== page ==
Located near Champagn, in southern Illinois, Prairie Fruits Farm is owned by Leslie Cooperband and Wes Jarrell, who bought it in 2005 with a view to operate a mixed use, small-scale fruit farm and goat dairy.
With careers as professors within the Wisconsin and Illinois university systems, (Wes as head of Agricultural Science, and Leslie with a strong background in soil science and management) both bring a great deal of experience to farming life. Wes generally takes care of the goats and does the milking, while Leslie oversees the cheesemaking, with help from Alisa, who is Assistant Cheesemaker.
The herd of Nubian and La Mancha milking goats currently numbers about 60 within a closed herd system. The milk is of extremely good quality and yields exceptionally high solids.
Leslie produces several different varieties of cheese, ranging from a fresh chèvre through to a raw milk blue. Most of her sales take place at Farmers' Markets or go to select retail stores, where invariably demand exceeds supply.
The most recent development is that Prairie Fruits Farm is buying a limited quantity of sheep's milk from a local Amish dairy farmer. To that end, Leslie has started experimenting with several sheep's milk cheeses that compliment the existing range of goat's milk cheese.
Ewe Bloom is one of Leslie's newest creations and is made from sheep's milk in a small square. During production, the curds are handled gently to and retain as much moisture as possible, and are allowed to drain naturally in their molds.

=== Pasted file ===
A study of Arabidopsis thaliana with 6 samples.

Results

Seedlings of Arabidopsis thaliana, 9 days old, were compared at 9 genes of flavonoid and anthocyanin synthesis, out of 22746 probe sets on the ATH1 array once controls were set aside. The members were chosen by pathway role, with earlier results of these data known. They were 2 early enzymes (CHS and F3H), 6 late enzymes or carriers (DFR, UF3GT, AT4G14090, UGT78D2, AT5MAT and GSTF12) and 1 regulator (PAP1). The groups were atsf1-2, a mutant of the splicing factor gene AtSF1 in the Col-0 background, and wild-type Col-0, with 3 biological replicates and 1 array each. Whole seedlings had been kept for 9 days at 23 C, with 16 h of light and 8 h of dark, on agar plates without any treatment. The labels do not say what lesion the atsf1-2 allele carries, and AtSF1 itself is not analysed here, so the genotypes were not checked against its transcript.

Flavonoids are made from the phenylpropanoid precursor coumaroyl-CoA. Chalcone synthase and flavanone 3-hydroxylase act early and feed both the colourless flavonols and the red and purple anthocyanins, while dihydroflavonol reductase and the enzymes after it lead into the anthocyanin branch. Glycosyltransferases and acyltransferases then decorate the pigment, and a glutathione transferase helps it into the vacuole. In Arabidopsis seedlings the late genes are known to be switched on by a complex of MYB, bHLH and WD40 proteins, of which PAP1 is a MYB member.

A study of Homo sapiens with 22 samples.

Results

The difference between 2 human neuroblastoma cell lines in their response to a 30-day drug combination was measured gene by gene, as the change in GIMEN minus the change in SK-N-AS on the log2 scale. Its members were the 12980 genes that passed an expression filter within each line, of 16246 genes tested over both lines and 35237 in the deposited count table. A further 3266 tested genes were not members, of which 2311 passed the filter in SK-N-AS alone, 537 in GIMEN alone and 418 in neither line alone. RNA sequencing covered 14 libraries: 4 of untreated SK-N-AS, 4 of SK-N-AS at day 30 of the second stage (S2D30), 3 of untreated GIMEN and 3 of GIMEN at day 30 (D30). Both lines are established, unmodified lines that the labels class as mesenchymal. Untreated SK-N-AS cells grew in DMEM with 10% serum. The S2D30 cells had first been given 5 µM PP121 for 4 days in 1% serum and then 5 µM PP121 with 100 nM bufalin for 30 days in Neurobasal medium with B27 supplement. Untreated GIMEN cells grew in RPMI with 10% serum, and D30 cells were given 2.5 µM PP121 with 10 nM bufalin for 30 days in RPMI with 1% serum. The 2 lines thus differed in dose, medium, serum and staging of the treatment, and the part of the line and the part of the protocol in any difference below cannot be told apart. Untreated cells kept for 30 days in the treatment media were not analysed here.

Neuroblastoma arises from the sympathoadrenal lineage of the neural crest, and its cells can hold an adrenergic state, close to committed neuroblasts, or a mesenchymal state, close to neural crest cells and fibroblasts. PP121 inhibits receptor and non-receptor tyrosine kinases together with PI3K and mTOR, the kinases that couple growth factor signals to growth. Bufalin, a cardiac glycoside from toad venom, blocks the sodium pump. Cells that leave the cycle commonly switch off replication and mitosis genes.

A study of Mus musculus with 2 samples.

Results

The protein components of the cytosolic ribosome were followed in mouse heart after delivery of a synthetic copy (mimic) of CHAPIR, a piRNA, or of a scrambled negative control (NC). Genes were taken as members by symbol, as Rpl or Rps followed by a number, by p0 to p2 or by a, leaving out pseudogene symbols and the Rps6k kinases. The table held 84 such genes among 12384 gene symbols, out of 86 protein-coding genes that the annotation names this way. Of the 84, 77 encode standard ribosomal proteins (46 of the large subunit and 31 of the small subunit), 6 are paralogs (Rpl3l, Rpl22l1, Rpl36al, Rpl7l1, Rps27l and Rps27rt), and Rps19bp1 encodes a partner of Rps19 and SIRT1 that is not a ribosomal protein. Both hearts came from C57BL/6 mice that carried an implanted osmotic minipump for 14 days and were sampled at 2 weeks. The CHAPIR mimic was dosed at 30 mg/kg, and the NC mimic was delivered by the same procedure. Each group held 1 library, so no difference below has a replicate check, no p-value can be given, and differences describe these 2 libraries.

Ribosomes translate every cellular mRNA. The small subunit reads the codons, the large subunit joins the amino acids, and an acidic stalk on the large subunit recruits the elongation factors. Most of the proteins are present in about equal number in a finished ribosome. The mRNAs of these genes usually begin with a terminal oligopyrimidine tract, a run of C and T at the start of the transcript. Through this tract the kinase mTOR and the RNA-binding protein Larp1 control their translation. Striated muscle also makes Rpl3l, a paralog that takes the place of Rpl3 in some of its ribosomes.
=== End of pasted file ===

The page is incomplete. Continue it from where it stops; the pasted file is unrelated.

After unmolding, cheeses are flipped three times, every ninety minutes and left to drain further overnight. The following morning they're salted to help draw out the moisture from the cheese and aid in the development of the rind.
Ewe Bloom undergoes several transformations during its maturation. At about ten days old, the rind has begun to develop and is white and bloomy in appearance, encasing a fairly firm, chalky paste inside. At three weeks, the rind is colonized by some natural, wild molds and has taken on a mottled appearance, with patches of grey and white. The interior of the cheese at this point has started to soften and break down, becoming slightly runny under the rind.
However, at four weeks of age the rind takes on the appearance of a sqaure of stone with molds of grey, green and brown. The interior paste becomes almost translucent and liquid, providing a texture and flavor similar to ice cream. As a finishing touch, Leslie finishes the cheeses with a few leaves of parsley, lavender and sage that are grown at Prairie Fruits Farm.
Flavors are delicate and aromatic, with the sweetness of the sheep's milk pleasantly balanced by salt.